The myths surrounding testosterone and balding are plentiful and persistent. The ever-enduring misconception you may have heard from a mate or read online is this: more testosterone = less hair. In reality, the links between testosterone and hair loss are far more complicated.
With all the medical information available out there, why do people still believe that the two are inherently connected? Perhaps it’s because hair loss is such a touchy topic, and it’s easier to read up on it on Reddit than consult a medical professional. After all, it offers a far more simple explanation than reality. Hair loss results from a mix of genes and hormones interacting with the scalp and hair follicles.
Knowledge is power, so here’s the low down on how testosterone does and doesn’t affect your precious dome.
Do bald guys have more testosterone?
The legend has it that bald guys are simply victims of their steep testosterone levels. Perhaps this myth is so persistent due to the many famous men with an ultra-masculine image rocking their shiny domes with pride. Think the likes of the Rock, Joe Rogan, Vin Diesel… Yet, testosterone is not the reason some men go bald and others don’t.
Plenty of bald guys have low testosterone levels, and plenty of guys with flowing locks have high testosterone levels. Male pattern baldness comes down to how sensitive your hair follicles are to the effects of hormones, which is genetic.
However, bald guys may have higher levels of 5-alpha-reductase. We’ll tell you more about this crucial enzyme in the next section.
The link between testosterone and baldness
There is a link between androgens (male sex hormones) and balding, but more testosterone doesn’t equal less hair.
Androgenetic alopecia (also known as male or female pattern baldness) is a type of hair loss affecting both men and women. It’s hereditary, and the most common reason men go bald.
People with androgenetic alopecia start to lose hair due to a hormone called dihydrotestosterone, or DHT. It’s an androgenic hormone that harms the dermal papilla, a layer of skin on the scalp. It shrinks down hair follicles, rendering them unable to support hair growth.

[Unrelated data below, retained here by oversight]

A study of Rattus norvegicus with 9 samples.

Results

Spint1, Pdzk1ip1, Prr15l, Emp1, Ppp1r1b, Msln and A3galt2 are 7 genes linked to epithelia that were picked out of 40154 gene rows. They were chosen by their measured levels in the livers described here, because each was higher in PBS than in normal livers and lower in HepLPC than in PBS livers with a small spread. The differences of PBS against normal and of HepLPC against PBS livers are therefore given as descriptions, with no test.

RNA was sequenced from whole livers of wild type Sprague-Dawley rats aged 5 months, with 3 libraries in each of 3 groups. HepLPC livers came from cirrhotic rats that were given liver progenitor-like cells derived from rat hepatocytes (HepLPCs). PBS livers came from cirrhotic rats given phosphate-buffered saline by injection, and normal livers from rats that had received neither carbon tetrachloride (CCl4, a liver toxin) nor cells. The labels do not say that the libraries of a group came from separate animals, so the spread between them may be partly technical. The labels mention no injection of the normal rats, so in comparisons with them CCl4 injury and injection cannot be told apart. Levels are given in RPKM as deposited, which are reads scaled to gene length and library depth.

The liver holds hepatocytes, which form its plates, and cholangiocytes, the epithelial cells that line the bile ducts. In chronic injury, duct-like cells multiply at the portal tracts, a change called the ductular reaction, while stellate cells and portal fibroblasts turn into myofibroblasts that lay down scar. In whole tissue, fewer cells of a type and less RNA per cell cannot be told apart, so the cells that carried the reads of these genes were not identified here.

In our bodies, an enzyme called 5-alpha-reductase (told you we’d come back to it!) converts testosterone into DHT. In men, the conversion mainly happens in the liver and the testes, with some also happening on the skin.
While women have way less testosterone than men, women can still suffer from genetic balding brought on by DHT. Female pattern baldness presents differently but occurs for the same core reasons as in men.
To put it simply, the genetic component of balding is not having more testosterone. It’s having hair follicles that are more sensitive to the effects of DHT, in men and women alike.
Treatments that block DHT
Genetic hair loss is purely about luck of the draw. We don’t get to choose our genes, so it can be a rude awakening to realise you’re losing hair way sooner than you would have liked. The good news is, there are treatments available to halt the biological processes that kick off balding.
Hair loss medications can slow down, stop or even reverse balding by blocking alpha-5-reductase. Blocking the enzyme stops it from converting testosterone into DHT, so it can’t go and wreak havoc on your follicles.
There are two clinically proven and approved medications that a doctor can prescribe to you for hair loss. We can’t name these treatments here due to Australian law, but the doctors at our online clinic can offer more information.
When it comes to natural remedies, some research has indicated that saw palmetto extract may help block alpha-5-reductase, but the research is limited at this point. However, many hair loss supplements contain saw palmetto for this reason.
A permanent solution: hair transplant microsurgery
Did you know some of our hair follicles are resistant to balding? You’ve probably noticed that even men with advanced balding keep a ring of hair on the sides and the back long after the top and front are gone.
This is because the follicles on the back and sides of the head are genetically resistant to the effects of DHT. With modern hair transplant technology, they can be implanted on other areas of the head where they continue to grow for a lifetime! It’s the only way to reverse genetic balding permanently, with your own, natural hair.